Oklahoma's Amtrak service facing funding shortfall

Oklahoma's Amtrak service facing funding shortfall
Garett Fisbeck
An Amtrak train prepares for departure in Oklahoma City, Friday, Feb. 13, 2015.


A reduction of Amtrak service in Oklahoma is a real possibility as the state continues to negotiate a new contract with the passenger rail organization.

“I am concerned that we will see a reduction in service,” said Mike Patterson, executive director of the Oklahoma Department of Transportation.

Amtrak, which operates a daily train from Oklahoma City to Fort Worth, faces increased expenses, which is shared between Texas and Oklahoma. Oklahoma currently pays $2.85 million annually, but after the cost to operate Amtrak's Heartland Flyer increased to $6.4 million and Texas capped its contributions at $2.5 million, Oklahoma was left to cover the remaining $3.9 million, which it cannot afford to do.

“We can’t pay that much,” Patterson said. “And I don’t see an appetite from the state [Legislature] to increase funding for rail transit.”

Amtrak and Oklahoma are currently operating under a month-to-month contract, and ODOT officials hope Amtrak will reduce the cost, but that might only be possible with fewer train trips.

“[Amtrak] can no longer operate at a deficit,” said John Bowman, ODOT director of capital programs. “By Texas setting [its limit], it meant Amtrak is obligated to recover the remainder of that money from Oklahoma.”

Bowman said ODOT has worked with Amtrak to find cost reductions without decreasing service, such as removing one of two locomotives or decreasing the number of passenger cars during non-peak times. However, technical changes can only go so far.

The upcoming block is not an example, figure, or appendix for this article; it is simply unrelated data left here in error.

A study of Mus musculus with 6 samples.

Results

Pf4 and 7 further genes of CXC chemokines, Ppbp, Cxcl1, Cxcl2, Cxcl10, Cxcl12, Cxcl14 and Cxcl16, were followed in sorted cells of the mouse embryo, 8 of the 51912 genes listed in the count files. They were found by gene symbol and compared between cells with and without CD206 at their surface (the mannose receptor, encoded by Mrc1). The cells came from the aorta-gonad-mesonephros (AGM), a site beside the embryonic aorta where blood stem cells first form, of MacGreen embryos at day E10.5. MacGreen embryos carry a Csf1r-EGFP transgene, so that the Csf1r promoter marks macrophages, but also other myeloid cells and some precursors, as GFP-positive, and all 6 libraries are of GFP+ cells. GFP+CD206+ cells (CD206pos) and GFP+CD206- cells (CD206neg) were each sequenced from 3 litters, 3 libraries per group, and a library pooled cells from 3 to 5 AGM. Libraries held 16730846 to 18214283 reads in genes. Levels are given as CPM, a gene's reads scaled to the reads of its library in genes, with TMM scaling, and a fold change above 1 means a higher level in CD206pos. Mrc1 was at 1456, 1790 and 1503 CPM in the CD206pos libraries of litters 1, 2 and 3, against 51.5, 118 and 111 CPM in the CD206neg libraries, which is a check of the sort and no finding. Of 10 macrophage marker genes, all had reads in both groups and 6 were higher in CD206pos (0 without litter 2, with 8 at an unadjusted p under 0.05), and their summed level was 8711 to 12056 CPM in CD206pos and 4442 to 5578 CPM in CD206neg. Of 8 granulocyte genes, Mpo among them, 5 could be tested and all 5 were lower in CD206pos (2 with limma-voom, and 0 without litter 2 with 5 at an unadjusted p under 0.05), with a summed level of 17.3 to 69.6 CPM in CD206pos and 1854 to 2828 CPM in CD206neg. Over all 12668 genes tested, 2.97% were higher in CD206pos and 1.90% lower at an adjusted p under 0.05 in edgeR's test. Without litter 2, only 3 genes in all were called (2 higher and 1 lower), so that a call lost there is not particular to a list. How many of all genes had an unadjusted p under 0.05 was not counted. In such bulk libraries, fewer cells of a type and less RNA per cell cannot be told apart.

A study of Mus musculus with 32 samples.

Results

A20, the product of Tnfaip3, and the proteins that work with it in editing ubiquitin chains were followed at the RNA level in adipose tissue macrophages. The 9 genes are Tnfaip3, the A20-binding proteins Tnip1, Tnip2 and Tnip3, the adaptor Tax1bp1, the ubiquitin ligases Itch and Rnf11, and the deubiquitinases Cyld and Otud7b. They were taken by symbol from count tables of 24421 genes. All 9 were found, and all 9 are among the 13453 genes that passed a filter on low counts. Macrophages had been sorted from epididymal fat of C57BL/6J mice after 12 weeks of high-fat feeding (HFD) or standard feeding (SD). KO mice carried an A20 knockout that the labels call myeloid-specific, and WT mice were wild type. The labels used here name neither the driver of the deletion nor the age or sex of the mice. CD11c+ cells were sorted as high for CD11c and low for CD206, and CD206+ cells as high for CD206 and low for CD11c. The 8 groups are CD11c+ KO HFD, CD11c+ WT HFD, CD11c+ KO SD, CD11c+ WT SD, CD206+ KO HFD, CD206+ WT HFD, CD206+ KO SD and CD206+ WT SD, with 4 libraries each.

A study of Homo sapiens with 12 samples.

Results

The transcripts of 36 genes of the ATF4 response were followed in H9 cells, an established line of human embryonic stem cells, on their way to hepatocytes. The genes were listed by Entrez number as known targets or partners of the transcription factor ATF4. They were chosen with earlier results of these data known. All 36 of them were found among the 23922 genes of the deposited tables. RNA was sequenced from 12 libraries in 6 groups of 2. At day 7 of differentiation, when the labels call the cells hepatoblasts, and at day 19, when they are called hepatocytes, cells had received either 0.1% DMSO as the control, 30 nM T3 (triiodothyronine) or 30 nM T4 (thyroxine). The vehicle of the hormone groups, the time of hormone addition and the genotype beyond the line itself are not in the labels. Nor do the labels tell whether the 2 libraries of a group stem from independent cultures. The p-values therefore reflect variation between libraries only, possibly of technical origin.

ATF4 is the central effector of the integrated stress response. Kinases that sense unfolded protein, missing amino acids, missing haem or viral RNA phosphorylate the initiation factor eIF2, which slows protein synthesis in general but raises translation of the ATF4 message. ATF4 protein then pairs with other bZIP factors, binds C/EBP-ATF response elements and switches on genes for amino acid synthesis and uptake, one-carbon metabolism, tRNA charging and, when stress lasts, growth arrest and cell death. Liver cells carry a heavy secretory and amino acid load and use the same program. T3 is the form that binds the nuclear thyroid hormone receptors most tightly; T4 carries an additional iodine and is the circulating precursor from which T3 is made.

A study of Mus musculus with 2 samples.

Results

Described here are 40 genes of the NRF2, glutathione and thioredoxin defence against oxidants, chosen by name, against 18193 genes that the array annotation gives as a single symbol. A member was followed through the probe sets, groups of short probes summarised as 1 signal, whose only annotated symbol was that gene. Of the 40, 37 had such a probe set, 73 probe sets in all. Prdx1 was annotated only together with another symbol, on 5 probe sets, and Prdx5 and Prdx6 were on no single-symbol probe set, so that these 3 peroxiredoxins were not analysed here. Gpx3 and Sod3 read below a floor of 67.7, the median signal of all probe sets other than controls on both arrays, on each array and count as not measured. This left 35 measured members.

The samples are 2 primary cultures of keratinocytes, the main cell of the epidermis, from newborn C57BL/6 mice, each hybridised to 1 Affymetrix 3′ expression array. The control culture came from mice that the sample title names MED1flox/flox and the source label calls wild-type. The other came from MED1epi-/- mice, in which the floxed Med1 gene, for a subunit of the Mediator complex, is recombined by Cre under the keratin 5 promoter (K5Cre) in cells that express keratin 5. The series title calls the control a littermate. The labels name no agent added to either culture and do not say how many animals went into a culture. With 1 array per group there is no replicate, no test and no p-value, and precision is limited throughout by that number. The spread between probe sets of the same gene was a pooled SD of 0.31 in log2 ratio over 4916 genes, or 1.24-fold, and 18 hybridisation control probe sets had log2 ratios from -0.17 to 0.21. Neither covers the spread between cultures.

“We’ve been going back and forth with [Amtrak] since July on working with those numbers, and we have had some success,” Bowman said. “But more needs to be done.”

Transportation officials in Texas have already explored the possibility of using buses to replace some rail service, an option ODOT said it hopes not to do.

“We have not had much discussion about that,” Patterson said about the use of buses. “I was approached in November from the leadership in TxDOT that they were looking at that type of arrangement.  We are making every effort to come up with a solution, but it’s got to be Amtrak’s solution.”

Amtrak spokesperson Marc Magliari said it is not uncommon to use month-to-month contracts with states, but he would not speculate how long that will remain an option. When asked if he is optimistic a solution could be found given the large funding gap, Magliari said he did not know.

“We are not going to negotiate it in the Gazette,” Magliari said.

A potential reduction in service for the Heartland Flyer comes at a time when the state is preparing for new rail service between metro Tulsa and Oklahoma City with the Eastern Flyer. That new service, which is expected to launch this spring, will be operated by a private company. When asked if a private company could take over management of the Heartland Flyer, Patterson said that would be difficult.

“There’s been some discussion about bringing in another carrier,” Patterson said. “But my understanding is that the Burlington Northern or any of the Class 1 operators [along the Heartland flyer route] want to only let Amtrak run on their line because of the liability issues.”